Wed, 30 Nov 2016 22:16 UTC
To visit next year's edition of the popular Bråvalla Festival in the city of Norrköping, one will have to sign a document accepting the festival's set of values. Remarkably, the value system contract will be signed by festival-goers, personnel and even artists alike, to eliminate the very possibility of crime. This is part of the preventive work against rape and sex crimes, which flourished at summer festivals in 2016. By their own admission, the festivals' organizers FKP Scorpio were previously not specifically clear about their core values.
"What we want is for people to be able to visit this festival and feel safe and secure," SKP Scorpio marketing manager Niklas Westergren told Swedish national broadcaster SVT.
At Stockholm youth festival We Are Sthlm, which also had major problems with sex crimes against young girls, bracelets with the inscription "Don't Paw Me" were distributed to attendees. This public relations campaign, orchestrated by the Chief of Police Dan Eliasson, failed miserably, as rapists and violators reportedly wore the very same bracelets during assaults.
Now, similar measures are being planned for the next year's edition of Bråvalla festival as well. Together with Norrköping Municipality and the Swedish Association for Sexuality Education (RSFU), the festival organizers intend to step up security measures, including floodlights to ensure that no area remains dark.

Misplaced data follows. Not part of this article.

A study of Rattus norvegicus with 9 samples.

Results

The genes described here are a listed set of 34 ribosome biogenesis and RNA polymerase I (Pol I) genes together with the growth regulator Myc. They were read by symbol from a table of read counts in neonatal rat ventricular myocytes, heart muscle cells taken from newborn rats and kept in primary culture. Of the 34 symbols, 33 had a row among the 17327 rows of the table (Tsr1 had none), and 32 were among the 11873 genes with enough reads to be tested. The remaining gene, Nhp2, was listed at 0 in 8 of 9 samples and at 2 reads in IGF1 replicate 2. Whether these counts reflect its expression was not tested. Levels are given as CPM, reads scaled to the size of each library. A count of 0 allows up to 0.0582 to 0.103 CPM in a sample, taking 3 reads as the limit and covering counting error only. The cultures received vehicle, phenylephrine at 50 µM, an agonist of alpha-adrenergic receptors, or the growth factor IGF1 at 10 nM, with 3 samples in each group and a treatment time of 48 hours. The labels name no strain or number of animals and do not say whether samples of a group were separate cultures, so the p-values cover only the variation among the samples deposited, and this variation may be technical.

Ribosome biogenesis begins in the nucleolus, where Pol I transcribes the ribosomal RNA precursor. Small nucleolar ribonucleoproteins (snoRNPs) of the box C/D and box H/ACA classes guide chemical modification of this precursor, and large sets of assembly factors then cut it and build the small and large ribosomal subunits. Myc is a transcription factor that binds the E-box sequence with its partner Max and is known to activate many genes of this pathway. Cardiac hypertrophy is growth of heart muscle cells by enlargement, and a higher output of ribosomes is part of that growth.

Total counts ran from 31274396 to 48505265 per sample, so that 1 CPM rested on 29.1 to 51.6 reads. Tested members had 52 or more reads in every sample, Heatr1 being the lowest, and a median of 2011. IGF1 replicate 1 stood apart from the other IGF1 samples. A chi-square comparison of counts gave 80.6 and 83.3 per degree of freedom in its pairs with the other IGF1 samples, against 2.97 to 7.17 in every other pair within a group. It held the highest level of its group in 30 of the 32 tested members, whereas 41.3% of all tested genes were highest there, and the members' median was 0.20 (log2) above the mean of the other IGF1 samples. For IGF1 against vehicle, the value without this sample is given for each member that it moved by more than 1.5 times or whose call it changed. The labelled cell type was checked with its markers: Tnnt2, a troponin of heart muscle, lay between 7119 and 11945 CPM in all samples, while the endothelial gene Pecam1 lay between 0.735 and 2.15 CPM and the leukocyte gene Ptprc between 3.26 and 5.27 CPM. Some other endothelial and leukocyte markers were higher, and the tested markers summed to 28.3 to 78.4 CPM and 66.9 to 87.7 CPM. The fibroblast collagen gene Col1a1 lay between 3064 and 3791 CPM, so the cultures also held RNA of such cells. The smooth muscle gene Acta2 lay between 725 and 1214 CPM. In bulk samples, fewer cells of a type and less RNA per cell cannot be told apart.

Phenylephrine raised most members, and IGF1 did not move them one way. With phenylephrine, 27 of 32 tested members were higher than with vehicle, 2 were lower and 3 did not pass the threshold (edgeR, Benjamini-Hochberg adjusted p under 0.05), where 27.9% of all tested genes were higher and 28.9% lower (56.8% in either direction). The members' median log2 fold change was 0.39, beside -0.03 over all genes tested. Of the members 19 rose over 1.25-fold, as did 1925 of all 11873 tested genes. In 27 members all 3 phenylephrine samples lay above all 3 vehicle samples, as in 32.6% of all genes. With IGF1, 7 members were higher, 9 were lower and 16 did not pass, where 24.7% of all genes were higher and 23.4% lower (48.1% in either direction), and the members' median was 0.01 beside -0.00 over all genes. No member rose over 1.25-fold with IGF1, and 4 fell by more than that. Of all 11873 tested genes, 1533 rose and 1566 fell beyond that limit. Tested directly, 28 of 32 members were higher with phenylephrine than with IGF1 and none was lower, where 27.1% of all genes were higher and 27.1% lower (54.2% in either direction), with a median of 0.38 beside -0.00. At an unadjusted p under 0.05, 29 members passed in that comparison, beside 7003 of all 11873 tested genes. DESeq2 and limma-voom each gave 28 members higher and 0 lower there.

Additionally, the festival organizers and RFSU personnel plan to meet school-kids aged 16-18 to talk about sex and the importance of consent. The idea of this preventive effort is to engage with all teenagers in Norrköping over the course of the next three years "lest anything should happen."
"Unfortunately, there is no 'quick fix' to the problem, as young people from other parts of Sweden than Norrköping are obviously coming to the festival," Pelle Ullholm, sex educator at RFSU told SVT.
Dozens of incidents of sexual harassment and rape have been reported at We Are Sthlm in the past years, with the same problem plaguing other summer festivals as well and many of victims being underage. According to the Swedish daily Dagens Nyheter, information on sex-related violence during summer festivals was withheld on purpose, due to concern for the reputation of the events.
Later, police admitted that most of the suspects were young males of immigrant background or refugees, yet refrained from publicizing the assaults for fears of inflaming the already infected political debate about Sweden's immigration policy and immigrant crime.